Halifax: next steps for better transportation

Last week I argued that the biggest challenge in changing how we travel is creating a sense of urgency, a sense that we must create a cleaner, richer, fairer and healthier city by looking at transportation differently.

Our current approach to transportation is flawed: our travel uses too many resources and creates too much waste. More specifically, cars use too many resources and create too much waste. In Halifax and Nova Scotia, the direct costs of travel are second only to the costs of housing; if indirect transportation costs are included, we spend more on transportation than on housing, food, education or health care.

I believe the problem is quite simple: we have built too many places where the only good travel option is the car. We have devoted too much money and too much space to cars. Instead of being a useful tool, cars dominate our cities and towns. The good news is we can change this, but we need to look at the problem of transportation differently. We need to view sustainable transportation as an urgent priority and create a new vision for how people travel.

To build a better transportation network, the first thing to acknowledge is that our major problems are not technical problems. There are no silver bullet projects or new approaches that on their own will ‘fix’ our problems. If we want to build a better transportation network, we have to start discussing our goals and our values. We have to discuss some tough questions:

  • What are we trying to do? Reduce congestion? Move more people? Create active, healthy communities? Improve mobility and accessibility for people who don’t own cars? Grow transit ridership? Connect people to jobs? Grow the economy? Support downtowns or main streets? Reduce carbon emissions? Reduce the amount of asphalt? Reduce accidents, deaths and injuries? Which of these things are priorities? What are the tradeoffs?
  • How much space do we give to different modes? How should we prioritize cars, bikes, pedestrians or buses on our roads? What impact do different choices have on travel times and travel costs?
  • How much money should we spend? On what modes? In what neighbourhoods?
  • How much should travel cost? What costs should government pay? What costs should the user pay?  How do we fund the government’s share? What are the equity impacts and economic impacts of our investments and pricing? Who wins and who loses under different scenarios?

This is a short, simplified list of some of the big questions, but the main point is we need to figure out what we’re trying to do before we figure out how we do it.

So what are the first steps? My priorities would be:

Get better data. We do regular counts on road traffic and highway traffic. We do some pedestrian counts on a small number of streets. Halifax Transit does manual counts every quarter, but the sample is quite small. We need better bike, transit and pedestrian counts. We also need a regional travel survey showing where people work, where trips begin and end, how long trips take and what modes people use. The DalTrac transportation lab has the expertise to do this kind of survey.

Update the transportation work done by GPI Atlantic. In 2006, GPI Atlantic studied the full cost of transportation in Halifax and in Nova Scotia. This work shows the direct and indirect costs of travel for individuals and society. Updating this work would help us understand the real impacts of our travel choices and the trade-offs between different approaches.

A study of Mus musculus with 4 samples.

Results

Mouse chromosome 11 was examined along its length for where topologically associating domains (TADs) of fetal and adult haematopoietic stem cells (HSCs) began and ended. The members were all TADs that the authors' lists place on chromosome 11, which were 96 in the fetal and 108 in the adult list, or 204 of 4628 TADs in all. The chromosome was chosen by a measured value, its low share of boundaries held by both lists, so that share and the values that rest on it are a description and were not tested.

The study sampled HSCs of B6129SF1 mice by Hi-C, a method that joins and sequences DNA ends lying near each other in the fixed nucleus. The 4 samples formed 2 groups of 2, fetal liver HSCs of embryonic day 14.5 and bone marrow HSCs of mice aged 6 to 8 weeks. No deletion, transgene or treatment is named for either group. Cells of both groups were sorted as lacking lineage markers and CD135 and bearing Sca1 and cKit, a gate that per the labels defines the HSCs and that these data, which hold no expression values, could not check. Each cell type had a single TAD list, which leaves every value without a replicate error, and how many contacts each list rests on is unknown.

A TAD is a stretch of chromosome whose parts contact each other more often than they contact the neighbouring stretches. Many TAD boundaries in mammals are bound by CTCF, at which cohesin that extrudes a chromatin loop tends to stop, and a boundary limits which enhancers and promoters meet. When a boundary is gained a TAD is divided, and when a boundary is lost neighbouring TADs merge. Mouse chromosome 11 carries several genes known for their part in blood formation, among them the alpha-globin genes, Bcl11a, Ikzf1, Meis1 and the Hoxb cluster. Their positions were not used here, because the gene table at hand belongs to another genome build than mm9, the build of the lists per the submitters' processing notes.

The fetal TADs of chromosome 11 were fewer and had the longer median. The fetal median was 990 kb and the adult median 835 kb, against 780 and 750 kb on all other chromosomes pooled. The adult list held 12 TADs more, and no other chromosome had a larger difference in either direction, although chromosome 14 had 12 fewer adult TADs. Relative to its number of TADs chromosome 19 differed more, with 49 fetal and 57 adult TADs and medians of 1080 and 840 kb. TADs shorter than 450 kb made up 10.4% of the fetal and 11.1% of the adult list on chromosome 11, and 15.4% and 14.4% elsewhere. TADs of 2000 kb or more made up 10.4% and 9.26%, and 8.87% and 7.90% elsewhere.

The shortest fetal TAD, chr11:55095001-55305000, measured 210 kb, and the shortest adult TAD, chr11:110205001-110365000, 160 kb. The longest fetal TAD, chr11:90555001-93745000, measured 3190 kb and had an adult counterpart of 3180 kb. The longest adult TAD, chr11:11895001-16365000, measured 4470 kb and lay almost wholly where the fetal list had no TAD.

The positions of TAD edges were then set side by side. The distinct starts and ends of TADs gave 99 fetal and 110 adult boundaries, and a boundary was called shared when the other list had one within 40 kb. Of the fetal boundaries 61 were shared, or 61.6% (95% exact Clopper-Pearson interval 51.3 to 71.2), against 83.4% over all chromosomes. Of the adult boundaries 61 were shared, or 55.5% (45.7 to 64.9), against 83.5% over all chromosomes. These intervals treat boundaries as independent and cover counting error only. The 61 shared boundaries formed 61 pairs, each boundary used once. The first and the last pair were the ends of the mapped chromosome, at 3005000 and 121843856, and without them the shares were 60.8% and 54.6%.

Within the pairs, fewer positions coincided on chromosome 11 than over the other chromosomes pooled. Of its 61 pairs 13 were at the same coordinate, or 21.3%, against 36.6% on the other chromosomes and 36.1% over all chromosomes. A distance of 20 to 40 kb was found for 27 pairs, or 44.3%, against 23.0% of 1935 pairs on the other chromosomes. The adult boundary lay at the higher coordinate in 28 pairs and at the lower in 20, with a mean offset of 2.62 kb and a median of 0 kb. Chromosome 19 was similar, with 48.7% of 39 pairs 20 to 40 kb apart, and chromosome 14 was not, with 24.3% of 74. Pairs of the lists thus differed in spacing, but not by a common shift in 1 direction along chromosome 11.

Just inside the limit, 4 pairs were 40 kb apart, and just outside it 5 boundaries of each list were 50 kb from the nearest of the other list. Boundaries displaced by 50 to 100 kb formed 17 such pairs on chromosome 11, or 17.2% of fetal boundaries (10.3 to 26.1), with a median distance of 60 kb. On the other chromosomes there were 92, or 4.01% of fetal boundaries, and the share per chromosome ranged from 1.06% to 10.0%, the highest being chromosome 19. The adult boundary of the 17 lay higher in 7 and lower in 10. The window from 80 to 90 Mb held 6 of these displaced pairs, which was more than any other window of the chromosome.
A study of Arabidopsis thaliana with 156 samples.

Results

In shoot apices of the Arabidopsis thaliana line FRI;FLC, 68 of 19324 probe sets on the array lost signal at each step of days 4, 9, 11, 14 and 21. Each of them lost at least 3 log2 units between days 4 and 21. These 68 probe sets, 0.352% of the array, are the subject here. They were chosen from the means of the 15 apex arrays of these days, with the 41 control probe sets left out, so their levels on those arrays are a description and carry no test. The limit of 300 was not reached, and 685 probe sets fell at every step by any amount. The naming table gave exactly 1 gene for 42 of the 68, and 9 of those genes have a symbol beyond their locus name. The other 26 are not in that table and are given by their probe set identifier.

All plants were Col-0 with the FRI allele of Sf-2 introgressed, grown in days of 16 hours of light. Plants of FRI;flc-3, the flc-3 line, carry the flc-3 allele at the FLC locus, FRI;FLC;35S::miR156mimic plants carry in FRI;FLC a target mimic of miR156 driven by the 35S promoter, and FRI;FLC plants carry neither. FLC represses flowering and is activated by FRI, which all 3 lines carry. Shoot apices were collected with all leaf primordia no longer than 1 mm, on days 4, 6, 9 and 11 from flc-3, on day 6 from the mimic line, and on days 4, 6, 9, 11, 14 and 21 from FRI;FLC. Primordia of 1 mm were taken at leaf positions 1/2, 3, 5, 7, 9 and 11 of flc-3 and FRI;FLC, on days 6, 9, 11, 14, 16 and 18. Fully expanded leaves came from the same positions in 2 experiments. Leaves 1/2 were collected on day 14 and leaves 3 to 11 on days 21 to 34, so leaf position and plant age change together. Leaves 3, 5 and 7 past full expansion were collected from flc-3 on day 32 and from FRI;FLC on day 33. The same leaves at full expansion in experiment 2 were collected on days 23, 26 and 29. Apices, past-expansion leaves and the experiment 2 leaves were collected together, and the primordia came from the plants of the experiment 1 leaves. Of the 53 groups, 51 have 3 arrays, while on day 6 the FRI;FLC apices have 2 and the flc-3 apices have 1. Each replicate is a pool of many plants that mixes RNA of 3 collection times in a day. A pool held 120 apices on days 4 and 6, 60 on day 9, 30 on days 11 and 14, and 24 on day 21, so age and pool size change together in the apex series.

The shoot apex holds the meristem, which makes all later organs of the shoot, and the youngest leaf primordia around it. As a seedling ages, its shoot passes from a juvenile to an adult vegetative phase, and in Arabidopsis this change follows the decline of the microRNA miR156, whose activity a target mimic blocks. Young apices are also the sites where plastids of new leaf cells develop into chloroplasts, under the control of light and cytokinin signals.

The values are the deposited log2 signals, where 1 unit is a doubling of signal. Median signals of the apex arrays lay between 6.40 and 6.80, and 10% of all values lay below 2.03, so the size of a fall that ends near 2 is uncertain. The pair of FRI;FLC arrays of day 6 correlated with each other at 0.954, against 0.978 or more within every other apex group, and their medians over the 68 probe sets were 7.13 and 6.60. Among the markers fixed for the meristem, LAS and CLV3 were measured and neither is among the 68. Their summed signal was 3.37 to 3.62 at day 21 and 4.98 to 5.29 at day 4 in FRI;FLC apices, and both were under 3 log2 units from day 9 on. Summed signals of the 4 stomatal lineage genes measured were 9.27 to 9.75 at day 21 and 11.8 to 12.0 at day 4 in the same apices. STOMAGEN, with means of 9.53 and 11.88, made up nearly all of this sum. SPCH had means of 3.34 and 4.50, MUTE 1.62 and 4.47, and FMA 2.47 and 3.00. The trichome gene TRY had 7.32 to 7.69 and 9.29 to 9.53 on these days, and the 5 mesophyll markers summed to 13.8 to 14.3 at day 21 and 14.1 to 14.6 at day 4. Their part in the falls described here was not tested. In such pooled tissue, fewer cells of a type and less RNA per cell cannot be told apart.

Create a regional transportation plan. We don’t have a single, long term vision and plan for transportation in Halifax. Instead we’ve dealt with the pieces separately: active transportation, highways, roads and transit each get their own plan. We need a plan like Vancouver’s that sets clear goals and deals with all modes. We need a plan that considers the needs of the entire region and the individual communities within the region. This plan should be created as a partnership between HRM, the Province and neighbouring municipalities. It should be the product of intense public engagement and debate on our core values and goals.

Create a regional transportation authority for Halifax. We need one authority in charge of planning, maintaining and financing the regional transportation network. We need one authority to implement a regional transportation plan: long term planning for bridges, highways, roads, transit and regional trails should all be under one roof. Nova Scotia’s Sustainable Transportation Strategy recommended this authority, but there’s been no progress.

Transportation is critical to making a better city and a better province. Better, cheaper, greener ways to travel are essential to building a great city. We need to ask the right conversations and make tough choices about how we will travel. We have to create an exciting vision and deliver on that vision. Halifax is lucky to have passionate people pushing for a new approach, but we can’t do it alone: we need the public to start pushing their MLAs and their Councillors to rethink  how we travel. Now is the time to start the discussion and imagine a great future for Halifax and for Nova Scotia.


About the author

Sean Gillis

Sean is a professional urban planner. He's interested in how cities work to connect people and ideas. Sean's passionate about transportation, design and public spaces. He works for Halifax Regional Municipality. The opinions in his posts are his own.